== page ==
Bakers and other commercial outlets say people who sell food online are avoiding the huge cost of complying with new food safety regulations.
They want the government to crack down on the growing number of businesses making money by selling products on the internet, from cupcakes to imported goods.
Baking Industry Association president Kevin Gilbert said Christmas was a stressful time of year, and many in the industry were facing the added pressure and cost of registering for the new Food Safety Act to come into force for existing businesses from March next year.
"With Christmas and then New Year, and then people trying to take holidays, it's not really leaving much time to get things done, particularly when things are still in a bit of a state of confusion."
It would cost some bakers thousands of dollars and many hours to comply with the new rules, which were being phased in over three years, he said.
"There's checklists to fill in, in terms of when you get deliveries in, when things go out, when you're making pies, when you're making the pie fillings, when you're reheating, there are checklists to fill in all the way."
The new rules would create a uniform standard across the industry, he said, but those who needed regulating the most were either exempt or flying under the radar.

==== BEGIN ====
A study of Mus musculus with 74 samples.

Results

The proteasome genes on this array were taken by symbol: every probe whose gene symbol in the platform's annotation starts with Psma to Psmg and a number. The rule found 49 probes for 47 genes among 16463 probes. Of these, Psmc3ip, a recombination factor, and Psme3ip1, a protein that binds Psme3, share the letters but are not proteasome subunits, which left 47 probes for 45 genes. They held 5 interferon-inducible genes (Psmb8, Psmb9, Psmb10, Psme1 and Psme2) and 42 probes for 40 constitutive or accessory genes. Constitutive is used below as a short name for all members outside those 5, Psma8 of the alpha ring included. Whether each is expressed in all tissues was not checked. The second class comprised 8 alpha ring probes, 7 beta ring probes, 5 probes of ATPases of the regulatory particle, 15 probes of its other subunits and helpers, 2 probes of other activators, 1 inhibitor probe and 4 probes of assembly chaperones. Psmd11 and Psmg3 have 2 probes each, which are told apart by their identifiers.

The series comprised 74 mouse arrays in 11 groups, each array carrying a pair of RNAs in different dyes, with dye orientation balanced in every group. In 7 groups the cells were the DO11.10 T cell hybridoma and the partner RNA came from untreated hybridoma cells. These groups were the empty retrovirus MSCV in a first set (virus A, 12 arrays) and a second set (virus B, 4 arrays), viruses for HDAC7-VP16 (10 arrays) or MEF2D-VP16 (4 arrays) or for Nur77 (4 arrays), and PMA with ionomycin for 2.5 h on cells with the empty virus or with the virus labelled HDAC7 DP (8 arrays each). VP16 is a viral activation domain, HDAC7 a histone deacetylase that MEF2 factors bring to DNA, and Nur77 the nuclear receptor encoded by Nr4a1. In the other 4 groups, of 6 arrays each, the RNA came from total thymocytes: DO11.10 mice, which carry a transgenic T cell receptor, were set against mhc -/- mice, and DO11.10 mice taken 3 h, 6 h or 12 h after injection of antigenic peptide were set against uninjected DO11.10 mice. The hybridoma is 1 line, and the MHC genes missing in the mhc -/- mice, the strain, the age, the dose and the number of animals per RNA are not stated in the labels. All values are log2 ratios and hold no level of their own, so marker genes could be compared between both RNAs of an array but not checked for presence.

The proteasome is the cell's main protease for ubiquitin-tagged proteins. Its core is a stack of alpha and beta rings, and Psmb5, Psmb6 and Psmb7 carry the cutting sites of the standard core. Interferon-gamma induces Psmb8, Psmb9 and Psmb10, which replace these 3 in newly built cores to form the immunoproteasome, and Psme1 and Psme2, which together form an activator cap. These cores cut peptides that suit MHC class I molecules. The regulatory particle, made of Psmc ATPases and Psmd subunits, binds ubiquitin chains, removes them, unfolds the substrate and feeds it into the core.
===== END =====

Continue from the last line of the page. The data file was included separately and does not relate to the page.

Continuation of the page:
"The onslaught of all the social media sales, people making product in their home that they then sell on social media to the public, that's what we'd like the MPI to bring under the same control."
Hospitality New Zealand operations and advocacy manager Tracy Scott said it was not fair that people who sold their food online were avoiding paying huge compliance costs.
"A huge bugbear for us, take an example of Airbnb, where people in the non-commercial accommodation sector don't have to pay the taxes and compliance costs a normal business would have to pay, but at the same time they're cooking these people breakfasts and dinner and serving them beer and wine, and they're not licensed to do so."
She wanted the government to look at New York's bylaws, which made it difficult for people to operate in the non-commercial food sector.
The Ministry for Primary Industries said it regularly received complaints about internet food sales.
Its food and beverage manager, Sally Johnston, said a compliance team often checked Facebook and other social media and its monitoring system was robust.
"We can't be everywhere, we can't see everything, so it is a little bit a joint responsibility for those that are purchasing the food and us to collectively keep an eye on how food safety's going in New Zealand."
Ms Johnston said people who made money from online operations like Airbnb did not have to comply with the new rules but they did have to meet certain regulations.